Copper CountryHancockMinesQuincy Mine

A Modern Mesnard

Remnants of the Quincy No.8

Heading northward along US41 outside of Hancock will bring visitors alongside one of the region’s most famous landmarks – the Quincy No.2 Shafthouse. Yet continue on a mile further and a second towering remnant of the old copper empire can be glimpsed rising up from the trees. Unlike its brethren down the street, this particular structure was a more modern addition to the landscape having been built around 1976. It’s purpose was to explore the abandoned Quincy No.8 shaft in hopes of finding new copper deposits to pillage in the old Mesnard Mine.

Mesnard Mine had its start in 1859 as it began sinking a single shaft into the northern reaches of the Pewabic Lode. The scrappy upstart was hoping to take advantage of the same copper riches the Quincy was pillaging just a mile to the south, yet similar fortunes would not be forthcoming. For over a decade the mine would make a go at it, unearthing just some 84,000 pounds of copper for the effort. Yet in the end the mine would close its doors fortune-less and its remains snatched up by the neighboring Pewabic Mine in 1876. The Pewabic would do little with the property and it would be another decade before any serious attempt would be made to mine copper again at the site. This time, however, it would be the Quincy that would make a go at finding those elusive copper riches.

The old Mesnard shaft was thus re-opened around 1897, complete with a brand new surface plant.  Known as Quincy No. 8 officially, the shaft would more commonly be known simply as the Mesnard shaft. For the next few decades the Quincy would work the shaft on and off, though no great copper riches were ever discovered. The shaft would be abandoned along with the rest of the Quincy after the Second World War, its surface plant allowed to crumble away. It would be another thirty years before any attempts were made again, this time resulting in the scrappy surface plant found at the site today. The endeavor, however, proved ultimately futile and the project was soon abandoned leaving behind the iron skeleton as a memorial to the attempt.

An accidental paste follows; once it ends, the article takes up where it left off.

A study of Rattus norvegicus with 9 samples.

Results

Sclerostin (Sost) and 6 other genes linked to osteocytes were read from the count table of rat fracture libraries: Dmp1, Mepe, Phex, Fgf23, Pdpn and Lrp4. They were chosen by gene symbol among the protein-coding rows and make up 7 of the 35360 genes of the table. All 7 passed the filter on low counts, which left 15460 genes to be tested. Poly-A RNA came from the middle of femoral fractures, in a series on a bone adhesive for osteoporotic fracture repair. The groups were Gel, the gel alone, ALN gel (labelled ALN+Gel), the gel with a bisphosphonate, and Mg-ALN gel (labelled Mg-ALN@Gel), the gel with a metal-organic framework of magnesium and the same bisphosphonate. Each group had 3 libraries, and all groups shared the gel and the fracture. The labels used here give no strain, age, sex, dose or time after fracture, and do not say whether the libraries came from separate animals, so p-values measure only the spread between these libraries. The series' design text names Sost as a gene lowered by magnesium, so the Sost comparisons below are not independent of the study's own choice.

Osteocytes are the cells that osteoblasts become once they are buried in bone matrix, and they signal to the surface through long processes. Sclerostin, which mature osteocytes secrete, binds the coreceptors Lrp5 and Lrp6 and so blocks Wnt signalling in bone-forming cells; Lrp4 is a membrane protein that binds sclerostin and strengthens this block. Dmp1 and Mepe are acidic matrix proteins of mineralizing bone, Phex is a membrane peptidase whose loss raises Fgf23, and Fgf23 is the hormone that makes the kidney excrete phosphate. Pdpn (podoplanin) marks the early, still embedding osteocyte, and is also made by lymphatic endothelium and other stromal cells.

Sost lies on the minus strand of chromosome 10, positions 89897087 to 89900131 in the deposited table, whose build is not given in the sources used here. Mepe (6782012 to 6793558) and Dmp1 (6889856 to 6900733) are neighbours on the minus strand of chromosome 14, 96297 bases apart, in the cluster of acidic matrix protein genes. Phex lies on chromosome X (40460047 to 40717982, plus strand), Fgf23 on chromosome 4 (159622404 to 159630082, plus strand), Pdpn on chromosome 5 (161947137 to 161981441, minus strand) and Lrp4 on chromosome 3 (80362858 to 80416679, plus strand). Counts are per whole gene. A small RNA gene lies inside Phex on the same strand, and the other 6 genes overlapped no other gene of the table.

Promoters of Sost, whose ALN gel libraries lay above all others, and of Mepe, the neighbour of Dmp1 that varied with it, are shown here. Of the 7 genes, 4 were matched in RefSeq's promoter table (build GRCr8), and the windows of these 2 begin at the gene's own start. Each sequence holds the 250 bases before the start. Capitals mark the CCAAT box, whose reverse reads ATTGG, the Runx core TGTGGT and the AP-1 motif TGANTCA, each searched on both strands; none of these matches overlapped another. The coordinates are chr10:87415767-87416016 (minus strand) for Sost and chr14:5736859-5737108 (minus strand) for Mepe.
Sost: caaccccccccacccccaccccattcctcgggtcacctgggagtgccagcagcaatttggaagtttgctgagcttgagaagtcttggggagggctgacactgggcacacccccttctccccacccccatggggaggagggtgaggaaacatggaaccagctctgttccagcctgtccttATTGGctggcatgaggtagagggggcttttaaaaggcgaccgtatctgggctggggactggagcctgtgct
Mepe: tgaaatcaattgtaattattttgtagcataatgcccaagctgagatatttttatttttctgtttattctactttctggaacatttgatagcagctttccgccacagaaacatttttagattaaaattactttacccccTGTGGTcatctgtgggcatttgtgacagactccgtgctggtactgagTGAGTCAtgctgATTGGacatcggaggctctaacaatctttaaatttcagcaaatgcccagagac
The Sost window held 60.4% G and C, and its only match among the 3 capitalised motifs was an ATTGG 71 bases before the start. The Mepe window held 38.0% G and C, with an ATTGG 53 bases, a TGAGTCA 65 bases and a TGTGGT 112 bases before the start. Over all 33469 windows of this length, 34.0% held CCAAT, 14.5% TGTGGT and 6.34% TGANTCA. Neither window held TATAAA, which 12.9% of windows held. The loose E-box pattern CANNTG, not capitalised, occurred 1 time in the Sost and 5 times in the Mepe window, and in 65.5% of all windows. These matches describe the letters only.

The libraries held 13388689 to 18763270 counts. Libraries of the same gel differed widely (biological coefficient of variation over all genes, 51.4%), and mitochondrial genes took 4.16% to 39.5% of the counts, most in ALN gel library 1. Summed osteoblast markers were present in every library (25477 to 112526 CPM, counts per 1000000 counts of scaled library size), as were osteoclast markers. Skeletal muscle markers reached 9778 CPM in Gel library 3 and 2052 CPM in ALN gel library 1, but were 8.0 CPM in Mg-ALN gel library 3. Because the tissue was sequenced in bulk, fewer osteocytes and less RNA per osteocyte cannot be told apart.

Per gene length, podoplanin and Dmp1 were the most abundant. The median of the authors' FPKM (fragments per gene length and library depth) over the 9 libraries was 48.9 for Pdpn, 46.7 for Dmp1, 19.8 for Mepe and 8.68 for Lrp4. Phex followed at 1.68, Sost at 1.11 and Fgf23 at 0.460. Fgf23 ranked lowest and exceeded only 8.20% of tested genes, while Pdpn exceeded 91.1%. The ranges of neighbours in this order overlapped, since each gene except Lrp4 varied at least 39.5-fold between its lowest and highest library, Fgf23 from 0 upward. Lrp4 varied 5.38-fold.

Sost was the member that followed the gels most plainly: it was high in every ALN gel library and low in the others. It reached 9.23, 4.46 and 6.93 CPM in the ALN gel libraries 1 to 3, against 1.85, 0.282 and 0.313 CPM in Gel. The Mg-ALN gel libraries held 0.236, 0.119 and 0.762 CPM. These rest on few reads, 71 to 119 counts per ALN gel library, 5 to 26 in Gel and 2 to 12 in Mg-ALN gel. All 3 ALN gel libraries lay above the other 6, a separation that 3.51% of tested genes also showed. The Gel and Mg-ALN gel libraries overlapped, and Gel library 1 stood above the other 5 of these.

1. Using maps.live.com I noticed a structure SE of the hoist and NE of the storage building(dry house). off topic do you know anything of the white pine location the aerial photos show train cars and regular cars there.

  2. Geoff, you’re probably looking at the ruins of the old (Quincy-era) Mesnard hoist and boiler ruins. Of course, I might be getting ahead of Mike here — this is just the first day of the Mesnard series!

  3. Geoff…

    As far as White Pine I’m not sure, although I know a few of the old mine buildings are currently being used. One is the power plant, which had recently been brought back on line, and the second is some time of machine shop or mill of some type. The mine itself is still being used for a variety of environmental and science studies, including an underground hydroponics garden i think.

    As far as those ruins to the east of these structures – it is the remains of Quincy’s hoist and boiler plant. And dcclark is right..

    …I’m going to feature those ruins tomorrow.

  4. I believe the head frame was built by Homestake, more looking than digging if I remember right

  5. I believe the history is:

    – Original mine — named Mesnard
    – Acquired by Quincy, becomes Quincy #8
    – Reopened by Homestake, called Mesnard again

    Homestake left the metal frame pictured here — the link from Gordy is from the Quincy era, apparently.

  6. I’m back from the dead… ERR more like the over worked, putting in 12’s with a little one at home makes it hard to get on but I digress…

    The shaft is capped with rail and steel plate, which lies underneath the dirt, the same as No. 9 Shaft is capped. The hoist is electric and still resides in the hoist house, it is a single drum and came from one of the Osceola shafts as did the head frame, which is a single compartment head frame used only for hoising men (as you guessed from the man cage on the landing). Homestake rehabed the shaft to about the 2200 level (+/-) and reestablished compressed air and water. Their goal was to find the offset for the Pewabic lode, as it pinches in the shallow workings inbetween No. 8 and No. 9 (Mesnard and Pontiac), coincidentally the pinch corresponds to a fault which is the northern control for the lode… The idea was that the lode was offset, Quincy never explored this option and Homestake only had one drill hole in it before they pulled the plug (managment change), which is also when they pulled the plug on Centennial, S543, what little work they were doing at Kingston and the other defunct C&H operations…

  7. oops, it was 543-S, it was the largest of the sulfide deposits found by homestake copper, there were several others (5 total I think) as well, including a small one under MT. Bohemia, which I am sure is why IP didn’t sell the mineral rights to Mt. Bohemia.